Nuclear power for Africa
By Andrew Kenny, consultant
November 2012 - Chapter 8: 94 – 97
Nuclear has special advantages for Africa. One of them is siting. Africa is a large continent with huge distances between cities and centres of electricity demand. In South Africa, for example, the transmission lines are 1 500 km long between the coal power stations in the north east of the country and Cape Town in the south west. Coal stations can only be built near coalfields (because of the huge amounts of coal needed and the exorbitant costs of transporting it over long distances). Hydro stations can only be built at suitable sites on rivers.
Very long transmission lines are often required to bring the electricity from generator to customer and in Africa these lines are expensive and often unreliable. But with nuclear, the power station can be built wherever you want, close to the centre of demand. This is because the nuclear fuel is so tiny in mass, lasts such a long time and is so easy to transport. Koeberg, for example, uses about 40 tons of uranium fuel a year. A coal station providing the same amount of electricity would require about six million tons of coal a year. Nuclear power, unlike coal, hydro and renewable energy can always serve the local community.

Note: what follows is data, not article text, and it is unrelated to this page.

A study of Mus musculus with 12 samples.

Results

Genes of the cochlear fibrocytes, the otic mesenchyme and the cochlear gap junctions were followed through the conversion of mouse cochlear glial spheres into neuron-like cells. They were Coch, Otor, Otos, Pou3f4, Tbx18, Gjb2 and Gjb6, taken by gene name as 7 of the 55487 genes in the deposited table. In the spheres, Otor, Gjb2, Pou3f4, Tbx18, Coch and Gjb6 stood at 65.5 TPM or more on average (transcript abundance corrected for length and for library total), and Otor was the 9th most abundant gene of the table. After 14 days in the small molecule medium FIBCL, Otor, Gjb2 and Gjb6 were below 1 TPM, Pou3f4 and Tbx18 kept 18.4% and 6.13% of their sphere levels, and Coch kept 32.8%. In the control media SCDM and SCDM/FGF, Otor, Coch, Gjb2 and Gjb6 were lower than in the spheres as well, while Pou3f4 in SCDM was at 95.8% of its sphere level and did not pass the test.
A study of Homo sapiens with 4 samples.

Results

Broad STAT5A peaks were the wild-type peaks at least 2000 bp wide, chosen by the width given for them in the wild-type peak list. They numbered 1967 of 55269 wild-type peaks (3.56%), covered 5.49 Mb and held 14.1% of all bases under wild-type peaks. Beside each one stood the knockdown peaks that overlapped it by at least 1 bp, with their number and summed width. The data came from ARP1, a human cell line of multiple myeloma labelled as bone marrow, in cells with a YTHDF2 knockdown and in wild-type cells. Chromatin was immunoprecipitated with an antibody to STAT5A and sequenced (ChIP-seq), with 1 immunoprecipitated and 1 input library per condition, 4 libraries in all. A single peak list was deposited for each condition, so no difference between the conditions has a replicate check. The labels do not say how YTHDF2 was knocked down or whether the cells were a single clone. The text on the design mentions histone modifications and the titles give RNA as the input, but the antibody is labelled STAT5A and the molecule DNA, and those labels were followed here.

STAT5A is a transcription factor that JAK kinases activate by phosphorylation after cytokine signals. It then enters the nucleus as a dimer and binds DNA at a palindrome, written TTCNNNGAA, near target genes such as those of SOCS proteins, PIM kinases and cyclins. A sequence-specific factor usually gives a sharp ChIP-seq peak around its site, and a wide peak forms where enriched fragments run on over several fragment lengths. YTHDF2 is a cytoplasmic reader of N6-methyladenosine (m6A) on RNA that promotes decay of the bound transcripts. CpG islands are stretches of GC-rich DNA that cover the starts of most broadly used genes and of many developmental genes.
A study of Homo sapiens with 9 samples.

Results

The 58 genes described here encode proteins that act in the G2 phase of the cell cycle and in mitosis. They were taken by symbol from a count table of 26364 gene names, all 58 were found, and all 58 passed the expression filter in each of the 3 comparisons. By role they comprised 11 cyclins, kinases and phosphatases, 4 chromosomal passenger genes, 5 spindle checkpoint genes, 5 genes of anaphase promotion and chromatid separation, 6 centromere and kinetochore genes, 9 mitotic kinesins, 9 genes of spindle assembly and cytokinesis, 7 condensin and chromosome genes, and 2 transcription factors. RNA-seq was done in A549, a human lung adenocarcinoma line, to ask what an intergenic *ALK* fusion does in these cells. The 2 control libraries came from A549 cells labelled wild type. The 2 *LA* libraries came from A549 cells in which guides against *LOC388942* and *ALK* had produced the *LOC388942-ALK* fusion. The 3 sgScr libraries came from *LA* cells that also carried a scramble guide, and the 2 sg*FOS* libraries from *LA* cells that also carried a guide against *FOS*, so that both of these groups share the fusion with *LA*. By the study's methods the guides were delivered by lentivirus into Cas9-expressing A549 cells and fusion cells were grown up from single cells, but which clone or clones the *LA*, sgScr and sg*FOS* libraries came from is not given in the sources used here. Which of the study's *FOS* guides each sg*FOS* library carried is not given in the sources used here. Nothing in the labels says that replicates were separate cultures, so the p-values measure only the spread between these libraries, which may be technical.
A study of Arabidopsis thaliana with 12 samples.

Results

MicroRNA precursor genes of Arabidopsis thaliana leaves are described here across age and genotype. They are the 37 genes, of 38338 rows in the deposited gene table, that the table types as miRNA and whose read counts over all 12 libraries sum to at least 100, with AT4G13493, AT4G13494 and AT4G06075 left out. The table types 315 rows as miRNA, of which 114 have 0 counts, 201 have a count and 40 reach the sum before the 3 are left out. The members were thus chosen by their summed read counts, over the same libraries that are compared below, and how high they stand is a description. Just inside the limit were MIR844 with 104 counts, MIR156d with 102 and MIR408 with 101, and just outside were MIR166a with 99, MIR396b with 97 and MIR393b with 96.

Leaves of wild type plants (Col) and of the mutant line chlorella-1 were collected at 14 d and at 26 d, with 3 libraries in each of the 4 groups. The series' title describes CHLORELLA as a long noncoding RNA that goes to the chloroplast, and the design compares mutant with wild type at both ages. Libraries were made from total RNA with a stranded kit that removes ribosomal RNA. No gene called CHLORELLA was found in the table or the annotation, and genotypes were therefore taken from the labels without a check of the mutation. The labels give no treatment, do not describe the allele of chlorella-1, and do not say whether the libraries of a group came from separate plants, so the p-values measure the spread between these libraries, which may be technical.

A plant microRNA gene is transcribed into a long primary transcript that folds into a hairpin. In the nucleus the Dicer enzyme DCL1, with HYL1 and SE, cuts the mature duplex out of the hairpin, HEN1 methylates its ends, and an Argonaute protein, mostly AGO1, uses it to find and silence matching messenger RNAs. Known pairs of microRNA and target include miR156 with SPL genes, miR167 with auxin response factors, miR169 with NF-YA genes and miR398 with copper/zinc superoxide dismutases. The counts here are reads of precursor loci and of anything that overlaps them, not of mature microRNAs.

Nuclear power is clean, safe, sustainable, economic and reliable source of large scale electricity. It is one rational option for Africa’s pressing electricity needs.
- Nuclear power offers economic, environmental and logistical advantages for Africa.
- Nuclear power can help Africa overcome its desperate shortage of electricity.
- The biggest disadvantage of nuclear power is public perception.